For those who think the failures of the Arab Spring prove the Middle East is unsuited to democracy, Jordan's Marwan Muasher begs to differ.
A scholar and statesman who’s long been a voice for tolerance in the Arab world, Muasher argues – in his important new book “The Second Arab Awakening and the Battle for Pluralism” – that it’s too soon to judge the outcome of the Arab upheavals that began in 2011.
He says: “The Arab world never operated in a culture of democracy, so you can’t expect a transformational process in three years.”
I first met Muasher in 1991, when he was Jordanian spokesman at the Madrid peace talks. He served as Jordan’s first ambassador to Israel and as ambassador to Washington; as deputy prime minister in 2005, he led a national effort for Jordanian political reform that was blocked. A Christian in a Muslim country, whose father is East Bank Jordanian and mother is Palestinian, he is uniquely suited to argue that the second Arab awakening won’t succeed unless political systems become more inclusive.
But why, when Syria is imploding and Egypt reverting to military rule, does he think this is possible? Here are the reasons he laid out to me:
First, consider the initial Arab Awakening, which began in the 19th century and eventually overthrew Ottoman rule: It led to colonial overlords and then to nationalist autocrats who provided “artificial stability” for decades. “Once that lid is lifted,” says Muasher, “of course you’ll see all kinds of forces come out.” He believes it will take years, or decades, for the results to emerge.
Second, despite the apparent rise of Islamists – with election victories in Tunisia and Egypt, and militias surging in Syria – the Arab world isn’t embracing theocracy. Egyptians elected a Muslim Brotherhood parliament and president but turned heavily against them when they could not deliver economic benefits.
The slogan “Islam is the answer” was popular before 2011, Muasher says, because Islamists could claim they were “clean” and had been excluded from power. “That slogan means much less today,” he says. “What Arab rulers couldn’t do in 50 years, the Islamists did to themselves in three.
“The polls show that, while ordinary Egyptians may be religious, they will now judge a government by performance. The criteria is the economy. The Arab street has shown in Egypt that its support for Islamists was not ideological.”
Similarly, Sunni tribal leaders in western Iraq are fighting back against al-Qaeda, as are Islamist militias in eastern Syria. “The fight for ideas [post-2011] is only beginning,” says Muasher, “but at least now there is a chance.”
His third point is that the Arab world is not monolithic. “Syria will take a long time, Iraq and Lebanon, the same. But we won’t see all new Arab governments fail.”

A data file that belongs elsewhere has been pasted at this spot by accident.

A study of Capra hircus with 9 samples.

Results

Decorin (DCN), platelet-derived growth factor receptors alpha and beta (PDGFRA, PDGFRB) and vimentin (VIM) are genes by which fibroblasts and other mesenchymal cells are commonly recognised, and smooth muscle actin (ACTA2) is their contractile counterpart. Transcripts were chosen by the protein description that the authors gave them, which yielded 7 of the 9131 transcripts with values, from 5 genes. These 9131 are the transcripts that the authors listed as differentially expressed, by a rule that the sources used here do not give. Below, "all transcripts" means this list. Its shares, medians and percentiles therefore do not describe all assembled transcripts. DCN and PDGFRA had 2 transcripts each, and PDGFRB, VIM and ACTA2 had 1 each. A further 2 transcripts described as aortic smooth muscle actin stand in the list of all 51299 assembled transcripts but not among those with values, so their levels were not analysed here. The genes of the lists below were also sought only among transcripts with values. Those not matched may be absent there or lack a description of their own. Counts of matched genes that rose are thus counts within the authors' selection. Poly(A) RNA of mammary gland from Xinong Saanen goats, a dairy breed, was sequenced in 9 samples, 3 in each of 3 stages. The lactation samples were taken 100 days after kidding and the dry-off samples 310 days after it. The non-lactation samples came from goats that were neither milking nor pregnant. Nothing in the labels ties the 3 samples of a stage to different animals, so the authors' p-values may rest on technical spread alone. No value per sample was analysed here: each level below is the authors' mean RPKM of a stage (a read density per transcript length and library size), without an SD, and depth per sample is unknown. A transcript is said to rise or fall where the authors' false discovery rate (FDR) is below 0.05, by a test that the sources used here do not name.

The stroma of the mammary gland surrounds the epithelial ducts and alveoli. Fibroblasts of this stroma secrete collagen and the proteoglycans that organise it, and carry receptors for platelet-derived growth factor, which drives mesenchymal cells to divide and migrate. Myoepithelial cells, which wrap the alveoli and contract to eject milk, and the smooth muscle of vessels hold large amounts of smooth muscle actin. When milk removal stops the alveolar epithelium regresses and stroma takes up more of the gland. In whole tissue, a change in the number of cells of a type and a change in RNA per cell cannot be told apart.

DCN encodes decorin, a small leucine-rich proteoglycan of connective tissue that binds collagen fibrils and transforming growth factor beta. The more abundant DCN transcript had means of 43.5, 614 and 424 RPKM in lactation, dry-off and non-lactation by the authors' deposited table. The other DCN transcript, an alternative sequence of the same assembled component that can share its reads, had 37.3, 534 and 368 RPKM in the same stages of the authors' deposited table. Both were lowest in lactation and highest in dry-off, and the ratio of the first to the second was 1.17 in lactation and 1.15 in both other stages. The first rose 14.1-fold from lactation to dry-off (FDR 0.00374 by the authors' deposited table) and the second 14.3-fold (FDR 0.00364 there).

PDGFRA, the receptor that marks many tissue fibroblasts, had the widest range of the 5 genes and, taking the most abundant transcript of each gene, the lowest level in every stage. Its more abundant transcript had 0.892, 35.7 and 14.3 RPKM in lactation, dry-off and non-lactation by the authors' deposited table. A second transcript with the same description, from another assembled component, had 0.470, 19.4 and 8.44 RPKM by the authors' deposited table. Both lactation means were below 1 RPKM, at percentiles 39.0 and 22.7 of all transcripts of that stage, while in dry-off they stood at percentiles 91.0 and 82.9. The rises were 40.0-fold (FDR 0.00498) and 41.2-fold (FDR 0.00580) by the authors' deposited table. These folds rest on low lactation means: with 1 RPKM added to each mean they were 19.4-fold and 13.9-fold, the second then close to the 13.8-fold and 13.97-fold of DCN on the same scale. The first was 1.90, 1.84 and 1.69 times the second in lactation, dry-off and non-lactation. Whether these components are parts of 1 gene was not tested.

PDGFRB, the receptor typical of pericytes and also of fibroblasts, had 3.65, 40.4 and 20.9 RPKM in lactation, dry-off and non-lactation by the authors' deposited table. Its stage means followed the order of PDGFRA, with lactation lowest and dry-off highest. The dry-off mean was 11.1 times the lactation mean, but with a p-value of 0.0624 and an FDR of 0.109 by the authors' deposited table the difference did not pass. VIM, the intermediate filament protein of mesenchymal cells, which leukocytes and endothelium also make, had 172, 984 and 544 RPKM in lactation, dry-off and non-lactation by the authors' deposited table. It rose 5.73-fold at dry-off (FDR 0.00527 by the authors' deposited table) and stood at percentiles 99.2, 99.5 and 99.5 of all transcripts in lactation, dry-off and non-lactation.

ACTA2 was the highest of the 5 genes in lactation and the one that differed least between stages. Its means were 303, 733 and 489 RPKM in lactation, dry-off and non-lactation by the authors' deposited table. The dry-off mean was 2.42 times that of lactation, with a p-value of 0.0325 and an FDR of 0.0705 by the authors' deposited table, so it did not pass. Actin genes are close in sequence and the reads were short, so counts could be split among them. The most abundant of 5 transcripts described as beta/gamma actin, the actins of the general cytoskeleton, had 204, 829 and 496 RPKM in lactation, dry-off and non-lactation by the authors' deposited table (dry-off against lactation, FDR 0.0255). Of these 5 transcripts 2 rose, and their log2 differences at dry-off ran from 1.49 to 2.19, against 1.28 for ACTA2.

Tunisia, where a new constitution backed by seculars and Islamists was just ratified, sets an example of success. There, a Muslim Brotherhood prime minister, with an eye to the coup in Egypt, voluntarily stepped down.
I asked whether Tunisia was unique, given its closeness to Europe and well-educated population, including women. Moreover, Tunisia’s Islamists might not have been so cooperative were it not for the military coup against their brethren in Cairo.
“If Tunisia provides a unique lesson to the rest of the Arab world, that’s fine,” says Muasher. “In three years they’ve proven it was possible [to act with seculars by consensus]. Is that not important?”
Indeed, Tunisia shows Islamists and autocrats alike that Egypt is not the only model. “If the Muslim Brotherhood in Egypt want to be successful they must evolve,” Muasher says. “They cannot rely anymore on Islam as a solution.” Nor, he says, can Egypt’s seculars continue to rely on the generals.
If Egyptians elect General Abdel-Fattah el-Sissi as president, as looks likely, Muasher says he will be judged by whether he delivers on the economy, which he can’t do unless he can make the country secure. He won’t achieve security unless he finds a way to reintegrate the Muslim Brotherhood – who represent a sizeable minority – back into the system.
“Absolute power has ceased to be an option,” Muasher says. “The only way for Arab governments – new and old – to maintain power will be to share it. The trick is to persuade people that democratic norms will lead to stability, which is good for the economy.”
I believe he’s correct in principle. I question whether there are leaders in the region capable of persuading fearful publics – including minority Christians and Shi’ites – that pluralism won’t threaten their existence. Tunisia has such leaders, but Egypt, Syria, and Iraq currently lack them. Let’s hope they emerge.